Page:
Ted Dryer, chair of the Construction Lien Task Force of the Council of Ontario Construction Associations (COCA) has written a report about Bill 142 — the recently-introduced replacement for the Construction Lien Act — where he points out at least two issues that will need to be resolved before the bill becomes law.
“Bill 142 is a substantial and complicated piece of legislation,” he writes. “It will take time to fully digest its effect and implications. Here are two issues that I noticed on my preliminary review of the Bill.”
First, there is potential conflict between lien rights and adjudication. If, for example a sub-contractor loses an adjudication, should they have the right to file a claim for lien for the full amount of their claim despite the ruling?
On the one hand, if a subcontractor is able to file a claim for lien for the full amount, that will interrupt the flow of funds on the project and tend to defeat the objective of prompt payment and adjudication as interim dispute resolution. On the other hand, if the effect of an adverse ruling of an adjudication against a subcontractor is that the subcontractor’s lien may be vacated for a lesser sum as determined by the adjudicator, then the subcontractor’s lien rights will be effectively decided at the adjudication stage for all practical purposes. Bill 142 seems to adopt the second approach. That is not fair for the subcontractor considering that adjudication is only intended as an interim ruling.
Second, it is unclear how mandatory payment of the holdback is intended to work as between contractors and subcontractors.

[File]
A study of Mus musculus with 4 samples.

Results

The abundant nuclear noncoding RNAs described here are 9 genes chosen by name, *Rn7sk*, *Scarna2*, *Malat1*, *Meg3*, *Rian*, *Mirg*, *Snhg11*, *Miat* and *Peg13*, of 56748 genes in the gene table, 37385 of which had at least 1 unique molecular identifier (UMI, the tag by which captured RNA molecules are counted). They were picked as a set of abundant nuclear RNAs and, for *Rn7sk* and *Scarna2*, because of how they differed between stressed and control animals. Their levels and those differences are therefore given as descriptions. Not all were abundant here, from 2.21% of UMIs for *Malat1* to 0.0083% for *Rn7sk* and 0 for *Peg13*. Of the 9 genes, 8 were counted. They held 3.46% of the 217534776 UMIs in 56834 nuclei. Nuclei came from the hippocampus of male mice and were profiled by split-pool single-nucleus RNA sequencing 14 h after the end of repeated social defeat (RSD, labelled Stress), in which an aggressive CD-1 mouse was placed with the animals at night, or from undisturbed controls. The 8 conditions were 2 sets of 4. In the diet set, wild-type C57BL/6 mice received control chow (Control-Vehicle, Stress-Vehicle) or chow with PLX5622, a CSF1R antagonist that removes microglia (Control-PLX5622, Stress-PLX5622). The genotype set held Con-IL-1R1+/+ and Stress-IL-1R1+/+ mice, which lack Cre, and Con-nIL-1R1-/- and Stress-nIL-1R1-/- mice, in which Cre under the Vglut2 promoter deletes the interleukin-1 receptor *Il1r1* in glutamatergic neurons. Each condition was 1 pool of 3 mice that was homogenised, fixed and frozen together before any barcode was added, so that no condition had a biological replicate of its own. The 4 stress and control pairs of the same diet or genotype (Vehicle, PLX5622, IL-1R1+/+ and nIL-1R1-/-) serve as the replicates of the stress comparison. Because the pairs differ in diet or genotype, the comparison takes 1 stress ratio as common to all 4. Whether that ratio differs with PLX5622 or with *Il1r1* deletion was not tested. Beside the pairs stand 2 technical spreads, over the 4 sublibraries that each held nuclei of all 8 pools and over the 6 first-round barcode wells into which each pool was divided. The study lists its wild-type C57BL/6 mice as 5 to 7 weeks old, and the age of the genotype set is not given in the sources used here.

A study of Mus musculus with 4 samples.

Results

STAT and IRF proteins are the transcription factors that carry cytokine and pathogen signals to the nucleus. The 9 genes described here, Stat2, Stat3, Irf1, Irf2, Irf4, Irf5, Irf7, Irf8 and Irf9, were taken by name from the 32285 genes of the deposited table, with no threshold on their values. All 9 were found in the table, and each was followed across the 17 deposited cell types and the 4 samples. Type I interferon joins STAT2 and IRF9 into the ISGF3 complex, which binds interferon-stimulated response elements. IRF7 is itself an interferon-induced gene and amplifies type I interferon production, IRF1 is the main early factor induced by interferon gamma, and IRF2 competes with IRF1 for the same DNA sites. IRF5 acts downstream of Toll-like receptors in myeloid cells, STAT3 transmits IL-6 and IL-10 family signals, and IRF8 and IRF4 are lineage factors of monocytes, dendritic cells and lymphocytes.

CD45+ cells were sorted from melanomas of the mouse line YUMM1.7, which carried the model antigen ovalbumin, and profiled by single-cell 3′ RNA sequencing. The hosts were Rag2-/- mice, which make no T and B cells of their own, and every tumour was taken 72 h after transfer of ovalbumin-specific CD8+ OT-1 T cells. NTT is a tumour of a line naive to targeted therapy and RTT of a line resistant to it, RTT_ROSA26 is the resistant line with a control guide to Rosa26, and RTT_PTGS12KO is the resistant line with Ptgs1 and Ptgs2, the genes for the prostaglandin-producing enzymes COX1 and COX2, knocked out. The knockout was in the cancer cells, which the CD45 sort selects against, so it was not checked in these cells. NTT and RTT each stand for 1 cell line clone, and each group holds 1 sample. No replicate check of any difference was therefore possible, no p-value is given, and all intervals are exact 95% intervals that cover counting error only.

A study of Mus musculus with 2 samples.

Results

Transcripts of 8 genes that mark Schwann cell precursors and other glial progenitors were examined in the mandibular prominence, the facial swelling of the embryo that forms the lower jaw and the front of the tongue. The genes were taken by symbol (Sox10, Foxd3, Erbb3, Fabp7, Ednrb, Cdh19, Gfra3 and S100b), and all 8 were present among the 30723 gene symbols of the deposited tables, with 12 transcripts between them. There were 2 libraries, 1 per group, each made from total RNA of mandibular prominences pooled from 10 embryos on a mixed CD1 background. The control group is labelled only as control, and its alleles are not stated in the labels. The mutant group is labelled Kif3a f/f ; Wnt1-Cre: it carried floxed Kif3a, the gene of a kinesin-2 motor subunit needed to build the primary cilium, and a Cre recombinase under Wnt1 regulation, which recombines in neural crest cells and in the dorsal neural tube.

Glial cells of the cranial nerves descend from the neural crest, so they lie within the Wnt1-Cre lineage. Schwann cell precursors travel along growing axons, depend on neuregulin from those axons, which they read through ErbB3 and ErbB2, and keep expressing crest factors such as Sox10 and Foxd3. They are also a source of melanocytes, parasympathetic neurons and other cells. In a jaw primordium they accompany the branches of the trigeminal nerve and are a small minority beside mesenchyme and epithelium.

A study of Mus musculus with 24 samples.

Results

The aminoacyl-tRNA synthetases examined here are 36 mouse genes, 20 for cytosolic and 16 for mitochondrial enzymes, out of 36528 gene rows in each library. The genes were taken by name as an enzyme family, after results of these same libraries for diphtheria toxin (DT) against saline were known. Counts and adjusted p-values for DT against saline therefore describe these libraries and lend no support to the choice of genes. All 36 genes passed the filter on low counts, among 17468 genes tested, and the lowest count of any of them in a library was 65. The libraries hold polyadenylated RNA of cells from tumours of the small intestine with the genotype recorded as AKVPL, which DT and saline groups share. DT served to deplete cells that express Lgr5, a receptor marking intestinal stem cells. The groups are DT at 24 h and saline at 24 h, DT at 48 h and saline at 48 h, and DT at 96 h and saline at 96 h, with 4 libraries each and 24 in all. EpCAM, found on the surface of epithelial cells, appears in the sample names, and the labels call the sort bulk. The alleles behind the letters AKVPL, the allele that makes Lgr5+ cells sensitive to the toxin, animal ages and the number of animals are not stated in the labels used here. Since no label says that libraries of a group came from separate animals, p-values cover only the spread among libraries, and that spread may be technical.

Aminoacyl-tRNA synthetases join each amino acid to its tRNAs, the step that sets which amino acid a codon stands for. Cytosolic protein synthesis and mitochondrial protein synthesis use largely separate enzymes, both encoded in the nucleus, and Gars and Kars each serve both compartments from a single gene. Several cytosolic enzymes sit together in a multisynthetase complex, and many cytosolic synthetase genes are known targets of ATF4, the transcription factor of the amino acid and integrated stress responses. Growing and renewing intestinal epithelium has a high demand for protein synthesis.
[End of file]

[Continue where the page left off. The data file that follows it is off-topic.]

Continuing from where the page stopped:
Advocates for prompt payment often cited the example of the excavator who has to wait until the end of the project in order to receive their holdback. On the one hand, Bill 142 appeared to make a subcontractor’s basic holdback payable upon the expiration of their lien rights, meaning 60 days after their date of last supply. On the other hand, the new section 27.1 allows a “payer” to withhold payment of the holdback by delivering a notice of non-payment within 40 days of the publication of certificate of substantial performance. That suggests that subcontractors are not expected to be paid their holdback until the entire project is found to be substantially complete. If so, that tends to defeat the objective of prompt payment.
Dryer says “Hopefully these two issues can be addressed during the committee process.”
Bill 142 has only passed the first step of the legislative process, he writes. “The next step is for Bill 142 to be referred to a legislative committee who will receive submissions from industry stakeholders. The committee hearings will likely occur in the Fall of 2017. It is possible for Bill 142 to be amended during the legislative committee process. Attorney General Yasir Naqvi has said that his objective is to have the legislation pass final reading before the end of the 2017.